American Numismatic Society
American Numismatic Society



Count Lustig

“Count” Victor Lustig is best known as a versatile conman who sold the Eiffel Tower twice for scrap metal. Born in Bohemia, he lived the life of an aristocratic gentleman. Utterly charming and fluent in several languages, he managed some amazing stunts. Lustig was wanted by as many as 42 law enforcement agencies in Europe and the United States. Through his many fraudulent deals, he became wealthy. They included unlikely scams such as a money-making machine, which was said to reproduce any currency. His sale of the Eiffel Tower was particularly ingenious as his victim was too embarrassed to admit his gullibility and let Lustig depart with the money. Despite several arrests, Lustig often managed to escape prison. It is possible that he would have continued an international life as an imposter and criminal, if he had not turned to the production of hundreds of thousands of dollars in fake bills. He was ultimately convicted for counterfeiting and died in 1947 at Alcatraz.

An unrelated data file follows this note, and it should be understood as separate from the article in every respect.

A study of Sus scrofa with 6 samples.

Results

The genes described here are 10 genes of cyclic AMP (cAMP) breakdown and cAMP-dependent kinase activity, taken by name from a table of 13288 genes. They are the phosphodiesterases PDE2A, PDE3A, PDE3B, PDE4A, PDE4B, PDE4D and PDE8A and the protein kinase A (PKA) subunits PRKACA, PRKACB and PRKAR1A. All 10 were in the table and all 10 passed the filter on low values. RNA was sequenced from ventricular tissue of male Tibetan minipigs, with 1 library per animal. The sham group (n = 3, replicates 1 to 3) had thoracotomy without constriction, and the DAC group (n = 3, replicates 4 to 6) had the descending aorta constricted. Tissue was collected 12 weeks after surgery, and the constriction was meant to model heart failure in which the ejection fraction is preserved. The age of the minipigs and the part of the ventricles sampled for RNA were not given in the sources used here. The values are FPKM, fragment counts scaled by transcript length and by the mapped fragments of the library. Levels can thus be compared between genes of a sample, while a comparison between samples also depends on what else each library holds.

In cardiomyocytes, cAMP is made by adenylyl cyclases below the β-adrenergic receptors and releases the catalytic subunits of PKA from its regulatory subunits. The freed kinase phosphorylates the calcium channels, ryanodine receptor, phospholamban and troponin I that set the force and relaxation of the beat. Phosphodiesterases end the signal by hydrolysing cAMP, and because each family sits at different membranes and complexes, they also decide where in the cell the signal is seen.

Victor Lustig (Courtesy of the US Secret Service)

Counterfeit $10 (Courtesy of the US Secret Service)

The counterfeit notes that Victor Lustig distributed in New York City in 1934 were of the highest quality. Engraved by William Watts, a master counterfeit engraver, they were produced in enormous quantities and flooded the market. Watts was arrested in September 1935 and was the key witness against Lustig at his trial. Watts received a ten-year sentence.

“Smoothest Con Man Ever Born.” Undated newspaper report (Courtesy of the US Secret Service)

The photo in this article shows Special Agents Rubano and Godby with Victor Lustig after his arrest in 1935.

Newspaper clippings about Victor Lustig, September 2, 1935 (Courtesy of the US Secret Service)

Victor Lustig escaped from a downtown Manhattan detention center in what appeared to be a well-planned escape. The newspaper from September 2, 1935 gives some details of his criminal activities. He was recaptured on September 28, 1935, in Pittsburgh.

“Lustig Gets 20-year Term in Alcatraz.” Newspaper article, October 1935 (Courtesy of the US Secret Service)

The article reports that in addition to 15 years for counterfeiting, Lustig was also serving five years for his escape on September 1, 1935. It is noteworthy that his lawyer was seeking leniency as the “Count” had generally victimized persons whose own practices were sharp, such as Chicago gangsters, Arnold Rothstein, and other underworld leaders in New York and Boston.

Copy of arrest report of Victor Lustig in St. Louis, June 25, 1931 (Courtesy of the US Secret Service)

Lustig was arrested numerous times in conjunction with various criminal schemes, in this case for the altering of bond papers.